Government maintains ties with Libya
Publish Date: Aug 23, 2011
Newvision Archive
and Siki Kigongo

THE Government has said the political situation unfolding in Libya will not affect its relations with the Arab state.

The Government, however, expressed that the North African country does not degenerate into divisions and civil war.
“Our relationship with Libya does not change. Uganda does not recognise individuals, but states. We shall continue to deal with Libya irrespective of who is in charge,” international relations minister Henry Okello Oryem said yesterday.

The Government further observed that it was unfortunate that the Africa Union (AU) roadmap to a peaceful end to the conflict was ignored by both the rebels and NATO.

Uganda was a member of the AU High-Level ad hoc Committee on Libya whose mandate was to push for a political solution to the conflict in Libya.
President Yoweri Museveni, a close ally to Gadaffi, attended some of the committee meetings.

Oryem explained that the AU committee tried to bring the rebels, who had a strong-hold on Benghazi then, and the Gadaffi regime to the negotiating table, but in vain.

He said Gadaffi welcomed dialogue, but the rebels and NATO demanded that the Libyan leader first steps down.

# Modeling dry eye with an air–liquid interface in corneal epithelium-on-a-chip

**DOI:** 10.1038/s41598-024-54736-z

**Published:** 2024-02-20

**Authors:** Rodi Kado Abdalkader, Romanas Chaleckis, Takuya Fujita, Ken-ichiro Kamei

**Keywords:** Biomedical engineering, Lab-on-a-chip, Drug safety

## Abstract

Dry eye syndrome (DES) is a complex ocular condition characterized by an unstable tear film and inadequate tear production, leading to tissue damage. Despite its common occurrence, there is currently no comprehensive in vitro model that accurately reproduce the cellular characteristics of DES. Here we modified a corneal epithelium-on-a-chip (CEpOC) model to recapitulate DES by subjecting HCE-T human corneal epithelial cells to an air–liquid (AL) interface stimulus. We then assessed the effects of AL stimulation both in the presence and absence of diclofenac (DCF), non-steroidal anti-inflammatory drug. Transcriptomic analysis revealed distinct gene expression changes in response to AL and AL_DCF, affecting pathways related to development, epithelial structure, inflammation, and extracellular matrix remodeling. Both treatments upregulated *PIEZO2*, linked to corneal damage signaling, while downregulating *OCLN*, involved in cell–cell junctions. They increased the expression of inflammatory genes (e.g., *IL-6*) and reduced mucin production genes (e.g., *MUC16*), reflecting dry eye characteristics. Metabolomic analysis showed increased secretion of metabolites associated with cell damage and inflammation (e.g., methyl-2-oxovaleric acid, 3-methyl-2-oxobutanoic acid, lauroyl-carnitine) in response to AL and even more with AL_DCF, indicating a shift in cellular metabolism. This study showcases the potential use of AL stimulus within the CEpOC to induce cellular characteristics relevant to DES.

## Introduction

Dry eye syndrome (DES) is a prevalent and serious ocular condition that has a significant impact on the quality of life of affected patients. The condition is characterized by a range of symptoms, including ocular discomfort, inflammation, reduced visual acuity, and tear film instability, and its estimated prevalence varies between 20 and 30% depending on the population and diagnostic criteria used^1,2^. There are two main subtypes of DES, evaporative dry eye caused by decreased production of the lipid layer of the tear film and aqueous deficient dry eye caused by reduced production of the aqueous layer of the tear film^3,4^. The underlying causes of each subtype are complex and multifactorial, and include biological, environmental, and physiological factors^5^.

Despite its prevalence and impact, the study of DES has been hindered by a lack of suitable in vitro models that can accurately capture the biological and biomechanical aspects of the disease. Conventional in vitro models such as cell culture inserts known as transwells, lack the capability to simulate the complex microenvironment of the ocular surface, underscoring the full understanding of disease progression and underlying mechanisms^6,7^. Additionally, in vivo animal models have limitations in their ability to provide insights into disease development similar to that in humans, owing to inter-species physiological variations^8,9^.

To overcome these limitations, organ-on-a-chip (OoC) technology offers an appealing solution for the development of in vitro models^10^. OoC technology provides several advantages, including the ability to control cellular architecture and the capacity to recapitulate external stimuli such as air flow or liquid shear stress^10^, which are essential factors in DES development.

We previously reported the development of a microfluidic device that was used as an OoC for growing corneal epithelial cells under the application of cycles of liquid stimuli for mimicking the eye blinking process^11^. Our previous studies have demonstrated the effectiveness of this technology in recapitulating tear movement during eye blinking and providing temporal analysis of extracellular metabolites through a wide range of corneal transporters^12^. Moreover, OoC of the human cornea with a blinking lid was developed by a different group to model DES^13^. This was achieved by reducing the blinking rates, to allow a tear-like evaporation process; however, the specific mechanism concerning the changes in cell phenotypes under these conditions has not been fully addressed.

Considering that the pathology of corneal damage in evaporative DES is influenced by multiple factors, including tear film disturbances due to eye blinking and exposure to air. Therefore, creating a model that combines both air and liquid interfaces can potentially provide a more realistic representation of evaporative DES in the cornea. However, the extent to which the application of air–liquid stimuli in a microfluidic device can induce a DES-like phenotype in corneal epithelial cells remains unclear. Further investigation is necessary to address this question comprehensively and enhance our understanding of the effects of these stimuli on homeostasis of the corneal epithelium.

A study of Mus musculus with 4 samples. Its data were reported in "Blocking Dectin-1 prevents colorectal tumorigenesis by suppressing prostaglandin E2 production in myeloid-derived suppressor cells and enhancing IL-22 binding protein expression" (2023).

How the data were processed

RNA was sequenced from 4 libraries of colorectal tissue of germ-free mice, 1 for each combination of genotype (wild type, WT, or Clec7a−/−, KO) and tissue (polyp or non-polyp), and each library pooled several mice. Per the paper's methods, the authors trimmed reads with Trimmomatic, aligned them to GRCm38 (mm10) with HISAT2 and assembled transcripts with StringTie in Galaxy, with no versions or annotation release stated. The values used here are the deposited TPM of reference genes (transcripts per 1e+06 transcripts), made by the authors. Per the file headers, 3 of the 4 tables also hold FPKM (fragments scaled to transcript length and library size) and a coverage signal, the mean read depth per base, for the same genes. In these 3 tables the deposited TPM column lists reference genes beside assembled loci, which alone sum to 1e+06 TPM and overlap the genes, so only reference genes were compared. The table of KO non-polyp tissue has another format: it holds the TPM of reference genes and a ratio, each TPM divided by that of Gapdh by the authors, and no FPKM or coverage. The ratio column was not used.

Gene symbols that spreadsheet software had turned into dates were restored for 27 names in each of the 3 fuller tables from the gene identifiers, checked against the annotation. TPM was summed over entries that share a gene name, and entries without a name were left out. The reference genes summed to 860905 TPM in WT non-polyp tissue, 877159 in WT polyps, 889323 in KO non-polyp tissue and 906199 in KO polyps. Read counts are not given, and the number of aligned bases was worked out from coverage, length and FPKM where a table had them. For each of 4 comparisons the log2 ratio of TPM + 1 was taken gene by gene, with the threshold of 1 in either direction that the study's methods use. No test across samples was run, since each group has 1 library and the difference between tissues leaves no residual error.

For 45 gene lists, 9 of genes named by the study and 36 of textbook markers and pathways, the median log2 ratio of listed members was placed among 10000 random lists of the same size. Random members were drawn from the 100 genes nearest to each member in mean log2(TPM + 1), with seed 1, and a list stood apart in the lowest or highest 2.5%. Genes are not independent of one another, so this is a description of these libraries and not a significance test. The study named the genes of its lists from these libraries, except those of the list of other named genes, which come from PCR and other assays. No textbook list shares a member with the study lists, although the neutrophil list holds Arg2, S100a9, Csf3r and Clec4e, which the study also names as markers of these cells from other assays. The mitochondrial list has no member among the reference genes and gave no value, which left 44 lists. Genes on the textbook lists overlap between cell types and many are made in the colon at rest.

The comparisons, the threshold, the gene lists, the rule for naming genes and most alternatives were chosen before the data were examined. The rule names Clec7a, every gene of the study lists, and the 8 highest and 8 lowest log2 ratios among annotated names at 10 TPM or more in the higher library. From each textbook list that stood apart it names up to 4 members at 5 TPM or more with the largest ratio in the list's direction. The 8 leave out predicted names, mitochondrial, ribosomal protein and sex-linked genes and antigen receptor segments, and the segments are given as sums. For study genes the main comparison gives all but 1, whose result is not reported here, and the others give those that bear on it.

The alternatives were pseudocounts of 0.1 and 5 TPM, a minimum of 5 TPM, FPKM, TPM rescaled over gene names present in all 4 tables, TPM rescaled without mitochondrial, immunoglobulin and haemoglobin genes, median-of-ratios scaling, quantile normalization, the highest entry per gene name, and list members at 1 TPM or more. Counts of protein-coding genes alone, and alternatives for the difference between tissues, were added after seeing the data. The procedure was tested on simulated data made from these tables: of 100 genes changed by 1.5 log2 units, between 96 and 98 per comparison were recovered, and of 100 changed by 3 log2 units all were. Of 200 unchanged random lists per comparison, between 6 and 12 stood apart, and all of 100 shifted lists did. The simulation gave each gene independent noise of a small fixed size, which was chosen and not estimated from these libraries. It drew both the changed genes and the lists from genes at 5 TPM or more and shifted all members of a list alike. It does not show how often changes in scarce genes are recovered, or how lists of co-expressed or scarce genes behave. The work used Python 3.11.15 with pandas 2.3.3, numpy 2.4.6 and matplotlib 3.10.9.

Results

“We tried to market the AU roadmap to NATO and they insisted that it would work when Gadaffi steps down. We wanted a ceasefire, dialogue and debate on a new constitution. It is unfortunate that the roadmap was not followed,” Oryem said.

The minister said much as Gadaffi had been a great friend, Uganda could not directly meddle in the affairs of Libya or interfere with the aspirations of the Libyan people.

“That’s why we worked through AU,” he commented.

Oryem said the Ugandan mission will stay in Tripoli just like the Libyan embassy remains in Kampala.
“Our staff are safe. They contact us and give us updates on the situation in Tripoli,” Oryem clarified.

Moses Kiwe Ssebunya is Uganda’s ambassador to Libya.

The Libyan Africa Portifolio has a number of businesses in Uganda. Most prominent are National Housing Corporation, Soluble Coffee Plant, Tropical Bank, House of Dawda, Uganda Pharmaceuticals, Uganda Telecom, Lake Victoria Hotel Entebbe and the Tamoil.

Oryem explained that the businesses are safe as they are owned by the Libyan government. The UN in February slammed sanctions on Libya and its businesses abroad.

The UN accused Gadaffi of plotting reprisal killings in the wake of an uprising against his government.
The situation in Libya on Monday reached what was described as a ‘tipping point’ when rebels gained control of much of Tripoli.

Excited rebels moved into the centre of Tripoli as Gadaffi’s defenders melted. Thousands of jubilant civilians rushed out of their homes to cheer the fighters shooting in the air.

The Green Square which has now been renamed Martyrs’ Square by the rebels had been the site of night rallies by Gadaffi’s supporters throughout the uprising.